Recipient of the Aga Khan Award for Architecture in 2007.
The Amiriya Madrasa is located to the southeast of the Raa'da Citadel and was commissioned by Sultan Amir ibn 'Abd al-Wahab (Amir II, reg. 1489-1517), the last ruler of the Tahirid dynasty. Its date of completion, Rabi al-Awwal 910 (August-September 1504), is carved in stucco on the east wall of the prayer hall. Zaydi imams, who seized power two decades after the Tahirids, shunned the Shafi'i-Sunni belief of the Tahirids and abandoned the Amiriya Madrasa and its waqf. It has been restored between 1982 and 2004 by the General Organization for Antiquities and Museums with funding from the government of the Netherlands.
The three-story madrasa is placed on the cardinal axis and measures forty meters (north-south) by twenty-three meters (east-west). The ground floor contains a series of shops along the outside and vaulted rooms on the inside, with a public bath (hammam) at the southwest corner. The first floor contains the prayer hall preceded by an inner court to the south, and is accessed with stairs from two porches to the east and south. Its inner court, which is enveloped by an arcade of slender columns, is flanked to the east and west by rectangular madrasa halls that face the street with four mashrabiyya, or timber-screened window boxes. The prayer hall, similarly, is enveloped by vaulted galleries with wide archways pierced into the east, west and south façades of the madrasa. The northern gallery, located behind the qibla wall, is distinguished with carved stucco panels and an octagonal ablution basin. A ribbed dome rises the end of each gallery; the domes to the north, which occupy the corners of the madrasa, are enclosed into rooms with mashrabiyya. Two other ribbed domes mark the southern ends of the madrasa halls. Together, the six ribbed domes sit symmetrically on the flat roof terrace, which is protected all around by a parapet of floral crenellations. The walls of the prayer hall rise three meters above the roof terrace, allowing clerestory windows to bring light to the inside. Its six identical round domes, which are hoisted on tall archways falling on two heavy columns, dominate the madrasa's roofline.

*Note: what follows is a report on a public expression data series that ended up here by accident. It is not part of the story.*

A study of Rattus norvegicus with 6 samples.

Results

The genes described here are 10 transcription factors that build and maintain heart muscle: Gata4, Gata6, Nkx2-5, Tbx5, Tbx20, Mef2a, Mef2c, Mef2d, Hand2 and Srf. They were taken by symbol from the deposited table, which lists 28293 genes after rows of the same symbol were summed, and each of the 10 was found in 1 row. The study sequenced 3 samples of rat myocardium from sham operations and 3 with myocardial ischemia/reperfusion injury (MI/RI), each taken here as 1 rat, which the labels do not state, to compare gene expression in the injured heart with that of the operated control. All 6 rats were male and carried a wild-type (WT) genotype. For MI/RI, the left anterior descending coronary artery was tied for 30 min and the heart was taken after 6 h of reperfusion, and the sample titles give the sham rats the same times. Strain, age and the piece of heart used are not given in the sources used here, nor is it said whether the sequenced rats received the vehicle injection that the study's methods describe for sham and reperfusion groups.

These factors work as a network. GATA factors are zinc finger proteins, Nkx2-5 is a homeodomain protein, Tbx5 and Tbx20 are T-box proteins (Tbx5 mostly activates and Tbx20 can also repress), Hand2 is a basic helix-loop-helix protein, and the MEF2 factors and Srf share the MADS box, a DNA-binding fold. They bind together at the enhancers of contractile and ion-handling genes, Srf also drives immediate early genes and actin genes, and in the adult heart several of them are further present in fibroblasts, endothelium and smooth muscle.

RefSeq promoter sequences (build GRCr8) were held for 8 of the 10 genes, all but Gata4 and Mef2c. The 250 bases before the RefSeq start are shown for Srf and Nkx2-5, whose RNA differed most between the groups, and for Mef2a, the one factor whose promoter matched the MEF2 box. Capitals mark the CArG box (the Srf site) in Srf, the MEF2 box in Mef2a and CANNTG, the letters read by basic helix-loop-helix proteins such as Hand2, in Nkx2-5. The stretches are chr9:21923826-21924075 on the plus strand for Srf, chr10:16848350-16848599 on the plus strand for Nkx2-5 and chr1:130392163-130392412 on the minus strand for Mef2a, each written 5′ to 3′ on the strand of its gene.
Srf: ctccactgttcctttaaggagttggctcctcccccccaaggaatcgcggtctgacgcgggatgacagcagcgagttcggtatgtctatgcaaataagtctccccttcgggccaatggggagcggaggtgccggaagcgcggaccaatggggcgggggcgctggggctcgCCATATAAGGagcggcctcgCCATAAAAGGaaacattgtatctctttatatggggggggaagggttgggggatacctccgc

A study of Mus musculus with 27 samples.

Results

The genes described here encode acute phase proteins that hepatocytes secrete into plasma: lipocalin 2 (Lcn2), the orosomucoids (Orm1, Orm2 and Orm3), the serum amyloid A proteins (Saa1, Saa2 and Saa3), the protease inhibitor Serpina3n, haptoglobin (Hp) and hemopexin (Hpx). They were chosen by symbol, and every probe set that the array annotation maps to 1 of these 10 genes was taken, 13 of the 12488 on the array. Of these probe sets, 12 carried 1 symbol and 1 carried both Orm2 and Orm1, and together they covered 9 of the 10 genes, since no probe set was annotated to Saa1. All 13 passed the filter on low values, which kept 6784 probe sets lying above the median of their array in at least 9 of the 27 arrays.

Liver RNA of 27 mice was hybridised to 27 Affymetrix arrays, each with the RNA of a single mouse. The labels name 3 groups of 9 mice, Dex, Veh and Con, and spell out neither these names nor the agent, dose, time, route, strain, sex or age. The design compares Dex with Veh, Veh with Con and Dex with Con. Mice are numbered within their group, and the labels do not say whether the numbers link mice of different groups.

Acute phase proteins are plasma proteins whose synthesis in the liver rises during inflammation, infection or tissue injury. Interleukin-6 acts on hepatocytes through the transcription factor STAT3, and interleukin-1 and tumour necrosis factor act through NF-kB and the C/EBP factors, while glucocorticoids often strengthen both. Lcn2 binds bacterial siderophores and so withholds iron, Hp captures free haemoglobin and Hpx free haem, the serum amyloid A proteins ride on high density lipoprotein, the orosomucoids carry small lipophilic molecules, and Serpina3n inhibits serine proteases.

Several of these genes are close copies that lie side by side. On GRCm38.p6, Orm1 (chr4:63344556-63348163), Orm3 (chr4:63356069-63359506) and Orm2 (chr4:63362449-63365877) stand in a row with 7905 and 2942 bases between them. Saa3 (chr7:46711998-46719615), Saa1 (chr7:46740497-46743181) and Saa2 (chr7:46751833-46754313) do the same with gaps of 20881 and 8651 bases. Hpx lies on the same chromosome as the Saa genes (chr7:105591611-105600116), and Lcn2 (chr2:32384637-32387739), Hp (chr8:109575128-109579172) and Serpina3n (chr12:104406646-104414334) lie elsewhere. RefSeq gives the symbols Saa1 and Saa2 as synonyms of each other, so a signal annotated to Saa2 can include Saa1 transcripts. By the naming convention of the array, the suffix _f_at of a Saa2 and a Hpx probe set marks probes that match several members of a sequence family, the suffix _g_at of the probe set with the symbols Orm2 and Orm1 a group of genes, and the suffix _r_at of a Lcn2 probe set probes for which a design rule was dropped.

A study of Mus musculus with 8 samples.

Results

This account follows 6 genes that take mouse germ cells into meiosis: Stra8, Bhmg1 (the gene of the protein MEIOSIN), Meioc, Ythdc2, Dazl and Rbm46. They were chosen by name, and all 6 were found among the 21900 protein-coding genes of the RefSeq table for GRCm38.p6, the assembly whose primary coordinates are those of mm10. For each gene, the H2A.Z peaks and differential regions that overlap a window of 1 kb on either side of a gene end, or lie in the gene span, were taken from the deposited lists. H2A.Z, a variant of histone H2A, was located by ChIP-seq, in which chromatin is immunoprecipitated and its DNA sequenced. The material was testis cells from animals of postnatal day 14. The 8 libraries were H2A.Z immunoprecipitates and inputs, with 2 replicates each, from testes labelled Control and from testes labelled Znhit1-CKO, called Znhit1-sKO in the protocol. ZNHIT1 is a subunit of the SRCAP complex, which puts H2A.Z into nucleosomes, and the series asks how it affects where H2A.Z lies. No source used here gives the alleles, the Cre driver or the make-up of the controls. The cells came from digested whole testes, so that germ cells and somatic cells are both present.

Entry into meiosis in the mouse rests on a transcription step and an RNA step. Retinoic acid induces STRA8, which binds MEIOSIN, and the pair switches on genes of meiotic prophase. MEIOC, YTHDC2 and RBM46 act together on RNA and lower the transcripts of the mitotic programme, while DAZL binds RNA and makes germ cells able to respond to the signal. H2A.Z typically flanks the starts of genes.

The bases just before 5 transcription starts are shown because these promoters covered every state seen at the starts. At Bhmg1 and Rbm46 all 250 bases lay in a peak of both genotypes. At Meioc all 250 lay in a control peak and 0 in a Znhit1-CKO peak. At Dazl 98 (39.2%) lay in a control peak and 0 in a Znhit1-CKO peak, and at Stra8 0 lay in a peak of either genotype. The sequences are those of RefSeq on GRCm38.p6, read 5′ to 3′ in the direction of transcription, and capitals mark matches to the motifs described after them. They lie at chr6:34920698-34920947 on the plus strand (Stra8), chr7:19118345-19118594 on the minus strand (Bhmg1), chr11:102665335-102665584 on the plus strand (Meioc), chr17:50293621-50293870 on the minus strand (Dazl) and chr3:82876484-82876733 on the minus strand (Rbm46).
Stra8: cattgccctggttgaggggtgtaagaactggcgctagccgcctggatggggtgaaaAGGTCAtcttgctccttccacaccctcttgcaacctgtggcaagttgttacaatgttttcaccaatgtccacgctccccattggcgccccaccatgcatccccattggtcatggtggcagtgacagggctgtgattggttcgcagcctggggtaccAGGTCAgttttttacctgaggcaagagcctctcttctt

The decorative effort of the madrasa is concentrated on the prayer hall, which is painted entirely with geometric and floral motifs on the interior, above a dado of carved stucco panels. Each of its nine doors (two to the east, west and north galleries and three to the inner court) is topped with a blind multifoliate arch and framed with a carved band of floriated inscription that envelops the interior. The mihrab, centered on the qibla (north) wall, is a semi-circular niche with a multifoliate arch and finely carved stucco frame. The madrasa is built of large baked bricks (12-13 x 9 x 5 inches) on a substructure (ground floor) of local limestone blocks of differing dimensions that are roughly cut and faced on one side.
The walled southern forecourt of the madrasa was excavated during the restoration to uncover the remains of a large shallow pool, privy cells and an ablution area. A second courtyard to the south of the forecourt holds the remains of two other buildings with cells, one of which may have been a baths (hamam). Residences adjoining the mosque, mostly of this century, were partially cleared during the restorations.
During the restoration, the madrasa was rebuilt using limestone, baked brick, and qudad (a traditional waterproofing mortar composed of lime and volcanic aggregate that is polished with a smooth stone and daubed with animal fat). The building was polished, re-plastered and an electrical grid was installed. Carved stucco decorations and tempera wall paintings covering the domes and prayer hall were also repaired. The ground floor has been turned into a museum to commemorate the restoration work. As the first project of its kind in Yemen, it offered local workers the opportunity to revisit and learn traditional building methods. This project has been a labor of love for the eminent Iraqi archaeologist, Dr. Selma al-Radi.